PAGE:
Numbness in Leg May Be Due to Nerve Damage

by on Apr.19, 2012, under Aches and Pains

Q.My 78-year-old mother is having trouble with her right leg. It’s numb just below the knee and in the calf. After an EMG, the doctor said there was little circulation in the leg, but knowing that doesn’t take the numbness away. She had X-rays on her hips and thighs, but they showed nothing. This has been going on for months and her doctor hasn’t given her information on how to improve it. She says she had to give up walking because her leg got so tired. Any help would be appreciated. – J.M.

A. Mobility is a tough thing to give up at any age. I’m sorry to hear of your mother’s condition. It sounds like she may have chronic compressive peripheral mononeuropathy.

Let me explain those terms. “Peripheral neuropathy” is damage, by disease or injury, of nerve tissue outside the brain and spinal cord. “Mono-” refers to a single nerve; “polyneuropathy,” on the other hand, would be damage to a number of peripheral nerves throughout the body, usually caused by systemwide infection, disease or toxic agents (including some drugs).

Peripheral mononeuropathy is usually caused by localized injury and sometimes disease. That physical injury is often prolonged pressure on a nerve that runs alongside a bone. Bending or stretching a nerve can also cause problems.

Strenuous activity, trauma, infection, heat or cold exposure, radiation therapy and, on rare occasions, tumors, are associated with mononeuropathy.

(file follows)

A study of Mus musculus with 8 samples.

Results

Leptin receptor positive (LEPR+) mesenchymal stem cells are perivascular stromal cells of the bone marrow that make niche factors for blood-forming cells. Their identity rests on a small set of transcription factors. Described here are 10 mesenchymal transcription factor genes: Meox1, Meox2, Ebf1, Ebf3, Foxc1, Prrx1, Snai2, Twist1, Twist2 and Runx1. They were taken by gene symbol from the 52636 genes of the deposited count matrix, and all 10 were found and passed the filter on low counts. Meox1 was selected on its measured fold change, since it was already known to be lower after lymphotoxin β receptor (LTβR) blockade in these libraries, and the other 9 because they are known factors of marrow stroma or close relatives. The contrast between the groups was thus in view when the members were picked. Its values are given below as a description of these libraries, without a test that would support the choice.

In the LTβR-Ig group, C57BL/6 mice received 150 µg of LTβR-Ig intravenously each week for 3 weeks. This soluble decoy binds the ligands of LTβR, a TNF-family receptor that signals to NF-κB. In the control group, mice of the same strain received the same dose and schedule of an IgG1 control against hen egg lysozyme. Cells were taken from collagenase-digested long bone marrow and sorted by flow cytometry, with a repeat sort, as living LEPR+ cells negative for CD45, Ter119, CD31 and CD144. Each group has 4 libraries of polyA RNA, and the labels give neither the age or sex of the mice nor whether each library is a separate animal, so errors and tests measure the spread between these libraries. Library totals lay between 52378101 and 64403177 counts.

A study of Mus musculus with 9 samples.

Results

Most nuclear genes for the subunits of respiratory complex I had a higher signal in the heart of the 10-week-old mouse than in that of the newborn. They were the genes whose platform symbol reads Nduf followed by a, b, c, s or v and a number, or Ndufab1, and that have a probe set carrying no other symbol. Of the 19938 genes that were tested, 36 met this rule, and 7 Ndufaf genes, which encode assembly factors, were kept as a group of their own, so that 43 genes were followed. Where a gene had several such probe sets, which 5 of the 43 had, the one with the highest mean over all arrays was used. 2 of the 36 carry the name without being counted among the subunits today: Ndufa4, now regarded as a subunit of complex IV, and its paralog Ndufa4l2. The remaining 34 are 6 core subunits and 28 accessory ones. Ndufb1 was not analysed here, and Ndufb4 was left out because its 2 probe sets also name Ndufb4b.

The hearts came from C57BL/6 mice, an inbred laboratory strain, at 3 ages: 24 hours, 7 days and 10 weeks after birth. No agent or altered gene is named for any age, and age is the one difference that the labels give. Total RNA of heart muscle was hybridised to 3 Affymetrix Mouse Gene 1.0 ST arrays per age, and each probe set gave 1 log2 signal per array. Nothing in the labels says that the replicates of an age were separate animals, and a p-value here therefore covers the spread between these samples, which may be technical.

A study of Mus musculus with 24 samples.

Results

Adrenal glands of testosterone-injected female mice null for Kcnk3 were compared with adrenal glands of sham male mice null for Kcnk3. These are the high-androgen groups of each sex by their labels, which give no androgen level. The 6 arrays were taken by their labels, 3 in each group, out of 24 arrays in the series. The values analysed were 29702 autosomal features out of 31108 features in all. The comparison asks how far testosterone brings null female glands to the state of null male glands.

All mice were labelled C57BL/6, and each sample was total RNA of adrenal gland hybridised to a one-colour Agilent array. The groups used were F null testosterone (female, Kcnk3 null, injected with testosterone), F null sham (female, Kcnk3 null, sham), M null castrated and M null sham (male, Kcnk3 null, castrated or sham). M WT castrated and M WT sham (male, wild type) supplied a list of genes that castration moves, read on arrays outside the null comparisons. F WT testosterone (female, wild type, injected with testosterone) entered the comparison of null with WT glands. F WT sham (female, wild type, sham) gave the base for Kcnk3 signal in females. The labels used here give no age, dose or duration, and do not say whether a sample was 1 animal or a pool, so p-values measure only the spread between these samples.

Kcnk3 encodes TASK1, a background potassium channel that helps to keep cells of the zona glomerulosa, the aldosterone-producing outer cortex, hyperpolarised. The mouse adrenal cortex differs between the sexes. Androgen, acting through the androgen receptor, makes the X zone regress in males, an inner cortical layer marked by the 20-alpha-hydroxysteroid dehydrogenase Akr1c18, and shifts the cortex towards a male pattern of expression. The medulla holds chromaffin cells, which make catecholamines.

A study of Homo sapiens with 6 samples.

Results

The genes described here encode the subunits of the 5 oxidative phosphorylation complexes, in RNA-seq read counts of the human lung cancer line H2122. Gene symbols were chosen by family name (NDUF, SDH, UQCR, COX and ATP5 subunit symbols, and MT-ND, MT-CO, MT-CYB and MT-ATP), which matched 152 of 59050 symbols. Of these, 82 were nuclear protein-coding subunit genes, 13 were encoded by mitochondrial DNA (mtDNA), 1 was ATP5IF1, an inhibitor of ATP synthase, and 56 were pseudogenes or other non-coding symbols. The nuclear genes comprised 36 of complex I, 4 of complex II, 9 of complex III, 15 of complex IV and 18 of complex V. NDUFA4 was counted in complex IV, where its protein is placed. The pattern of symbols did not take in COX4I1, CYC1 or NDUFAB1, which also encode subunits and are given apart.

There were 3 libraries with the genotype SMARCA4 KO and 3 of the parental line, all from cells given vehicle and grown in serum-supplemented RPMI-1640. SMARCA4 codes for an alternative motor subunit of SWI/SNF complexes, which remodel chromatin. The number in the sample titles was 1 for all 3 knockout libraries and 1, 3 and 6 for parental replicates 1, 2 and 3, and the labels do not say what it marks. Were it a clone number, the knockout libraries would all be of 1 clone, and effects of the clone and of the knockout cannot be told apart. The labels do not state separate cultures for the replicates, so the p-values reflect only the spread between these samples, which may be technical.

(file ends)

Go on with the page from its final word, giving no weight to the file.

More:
The peroneal nerve in the calf of the leg is one of the peripheral nerves often injured or compressed because of its vulnerable location, close to the surface of the skin at the back of the knee. For example, peroneal compression is regularly seen in thin people who cross their legs a lot.

Femoral or sciatic nerves may also be affected.

Of course, treatment begins with verifying the diagnosis, and identifying and treating underlying factors, if any, such as infection. If the neuropathy is due to compression or other physical problem, the next step is to locate the site and determine the appropriate treatment.

Neurologists or orthopedic specialists are the health care providers best qualified to diagnose your mother’s problem and recommend treatment. That doctor can also point out what activities would aggravate the situation and thus should be avoided.

Steroids injected directly in or around the damaged area can sometimes reduce swelling and inflammation of the nerve and relieve the pain; it is the method of treatment usually tried first. Surgery to relieve the compression is recommended if the steroids aren’t effective.

Electromyograms (EMGs) measure the electrical activity of muscle. And it’s true that some peripheral disorders can cause abnormal readings. X-rays can often show bone spurs or other problems causing nerve inflammation.

However, to verify the diagnosis of mononeuropathy or rule it out, your mother probably needs to have nerve conduction studies done to measure the speed of nerve impulse conduction; an MRI may also be needed.

Accompany your mother the next time goes to her doctor and let him or her know you’re concerned that she gets information on her condition.